Kannada film publicity goes digital

New age filmmakers are increasingly using the digital medium to popularise their films

Films such as ‘Gultoo’ and ‘Humble Politiciann Nograj’ were promoted extensively online.

Sandalwood is changing. Be it fresher content, nuanced storylines, credible performances, creative film plots, or even the wider reach, Kannada film industry is boldly stepping into a new era. There is also one other change that has taken place in the industry; it is going digital.

Specifically in terms of marketing Kannada movies; whether it’s Tweeting about a film’s songs, or engaging the audience in a conversation related to the film on Facebook, or continuously engaging with a star’s fanbase on Instagram, digital marketing seems to be the ‘IT’ thing today.


Kavya Shankaregowda

Kavya Shankaregowda, founder of The Big Little, a marketing company, explains, “Today, the entire world has gone online and digital marketing exploits just that trait. It’s all about

reaching out to the right kind of people at the right time, and about keeping the conversation about a film alive till its release.”

Bharath Sudhama, co-founder of The Big Little, adds, “Everybody today, from a 13-year-old to a 60-year-old, is hooked to his/her phone. So, digital marketing targets these people and speaks to them in the digital language. Since there’s a problem of plenty in the industry today, and the success rate of films is only around 10-15%, every little thing that can help push a movie into the successful league is welcome. It’s about involving more people into a movie even before it hits the screens. The more they are involved, the more they feel obligated to go watch the movie.”

But there’s a big difference between digital marketing and promotions. While movie promotions are all about being seen everywhere, digital marketing is about reaching out to the right kind of audience with the right kind of information about the movie. “Digital marketing goes beyond just telling people about the movie’s title and songs. It tells people what exactly they can expect from a particular film,” explains Bharath.

For example, The Big Little ran campaigns for Humble Politiciann Nograj wherein they had funny videos on political satire.

Danish Sait donned the avatar of the politician Nograj even online and wished his followers a happy new year in his humorously arrogant avatar.

However, Kavya stresses on the need for marketing to the ‘right’ kind of audience. “I wouldn’t market a film like Katheyondu  Shuruvagide to someone who watches Bazaar, or I wouldn’t market Bazaar to someone who watches Gultoo. The more wrong people come, the more bad ‘word of mouth’ goes out, and your film suffers. One has to be extremely careful while marketing movies online.”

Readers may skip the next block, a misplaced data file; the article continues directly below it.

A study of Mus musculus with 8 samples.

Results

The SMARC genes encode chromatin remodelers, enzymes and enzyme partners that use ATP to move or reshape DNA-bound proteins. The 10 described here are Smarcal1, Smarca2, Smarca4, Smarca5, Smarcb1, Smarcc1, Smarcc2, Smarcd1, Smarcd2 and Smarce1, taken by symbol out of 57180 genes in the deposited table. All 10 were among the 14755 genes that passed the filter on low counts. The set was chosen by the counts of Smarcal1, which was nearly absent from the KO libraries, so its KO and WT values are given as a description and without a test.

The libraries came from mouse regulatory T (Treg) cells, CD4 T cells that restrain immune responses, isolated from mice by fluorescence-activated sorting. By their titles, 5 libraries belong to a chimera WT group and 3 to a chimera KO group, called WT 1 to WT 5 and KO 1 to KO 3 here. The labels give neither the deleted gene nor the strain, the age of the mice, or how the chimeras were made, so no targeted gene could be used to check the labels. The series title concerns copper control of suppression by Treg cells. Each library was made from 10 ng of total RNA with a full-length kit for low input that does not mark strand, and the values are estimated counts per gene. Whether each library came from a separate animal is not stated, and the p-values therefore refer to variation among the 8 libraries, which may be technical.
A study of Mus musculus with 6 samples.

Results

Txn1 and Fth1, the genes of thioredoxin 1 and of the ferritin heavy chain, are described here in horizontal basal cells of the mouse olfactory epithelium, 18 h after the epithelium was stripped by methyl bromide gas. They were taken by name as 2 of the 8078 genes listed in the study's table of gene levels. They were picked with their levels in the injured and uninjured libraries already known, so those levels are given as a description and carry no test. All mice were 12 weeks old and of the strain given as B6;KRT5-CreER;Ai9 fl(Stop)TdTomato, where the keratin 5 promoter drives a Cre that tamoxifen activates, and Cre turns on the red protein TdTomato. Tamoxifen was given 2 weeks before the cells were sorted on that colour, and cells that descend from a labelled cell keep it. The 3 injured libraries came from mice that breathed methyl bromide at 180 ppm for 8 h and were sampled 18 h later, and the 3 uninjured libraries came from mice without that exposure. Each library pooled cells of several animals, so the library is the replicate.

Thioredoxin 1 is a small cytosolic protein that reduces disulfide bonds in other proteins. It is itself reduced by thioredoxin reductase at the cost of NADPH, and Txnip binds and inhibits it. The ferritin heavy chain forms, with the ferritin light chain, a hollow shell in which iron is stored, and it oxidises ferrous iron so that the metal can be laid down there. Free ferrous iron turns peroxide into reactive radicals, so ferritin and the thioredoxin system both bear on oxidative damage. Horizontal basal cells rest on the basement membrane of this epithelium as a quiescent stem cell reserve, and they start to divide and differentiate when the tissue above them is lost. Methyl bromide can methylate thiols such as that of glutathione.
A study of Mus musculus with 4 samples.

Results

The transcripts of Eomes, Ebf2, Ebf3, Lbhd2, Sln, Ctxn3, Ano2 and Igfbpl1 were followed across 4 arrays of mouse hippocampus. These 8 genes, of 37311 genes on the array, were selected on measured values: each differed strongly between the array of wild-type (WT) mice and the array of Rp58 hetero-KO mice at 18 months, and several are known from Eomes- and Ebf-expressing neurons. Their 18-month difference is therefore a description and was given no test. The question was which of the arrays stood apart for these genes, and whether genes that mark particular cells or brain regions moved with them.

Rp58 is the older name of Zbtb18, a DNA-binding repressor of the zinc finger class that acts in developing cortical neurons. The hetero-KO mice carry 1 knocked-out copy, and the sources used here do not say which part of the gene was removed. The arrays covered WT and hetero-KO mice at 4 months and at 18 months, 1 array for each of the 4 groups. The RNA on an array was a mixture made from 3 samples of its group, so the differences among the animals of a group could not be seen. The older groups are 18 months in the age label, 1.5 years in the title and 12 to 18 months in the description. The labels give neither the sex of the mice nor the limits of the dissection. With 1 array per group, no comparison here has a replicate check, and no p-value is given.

One of the advantages of digital marketing for films is that there are no rules to play by and there’s no limit to the number of people one can reach out to with regard to a movie.


Bharath Sudhama

One of the biggest digital marketing successes in Sandalwood was the movie Gultoo. This movie’s quirky promotional campaign managed to impress the IT crowd in Bengaluru and pull them into the theatres. The campaign basically had transgenders going to commuters waiting in traffic signals in and around major IT parks in Bengaluru and telling them to give their data instead of money.

Bharath, the man behind this creative campaign, says, “So, around 15-18 transgenders went to people waiting in the traffic signals and said, ‘Ae Raja, Data De!’ And then, they handed out a rupee to each commuter and said, ‘To know what happens when you share your data, watch Gultoo!’”
This successful campaign ultimately became a case study on Facebook, who invited Bharath to talk about how he utilised the digital medium to promote the movie. Even film-maker Anurag Kashyap was intrigued by the success of this campaign.

But while digital marketing promises many good things for a film, the reality is that many in the Kannada film industry are yet to fully embrace it.

Kavya explains, “Many in Sandalwood are yet to open up to digital marketing mostly because they are misled by the ‘cross this many views’ myth. Digital marketing is completely different from promotions. Just because a trailer has got a million views doesn’t mean it will pull more people into the theatres. It’s the newer crop of directors and producers like Rakshit Shetty, Pushkara Mallikarjunaiah, Hemanth Rao and Rishab Shetty who realised the value of the reach of the digital medium.”

Digital marketing is also perfect for those filmmakers who have tight budgets as digital marketing is cheaper than conventional marketing which involves huge posters, cut-outs of stars and more.

“Gultoo was a one-of-its-kind movie where we did not utilise TV or radio for marketing. Almost 80% of the promotions was through social media, and look at how that worked out,” says Kavya.

How much of the digital marketing campaign translates into movie bookings is something that is yet to be seen.

Nevertheless, it does help in keeping the buzz around a movie alive for the entire weekend instead of just on Friday.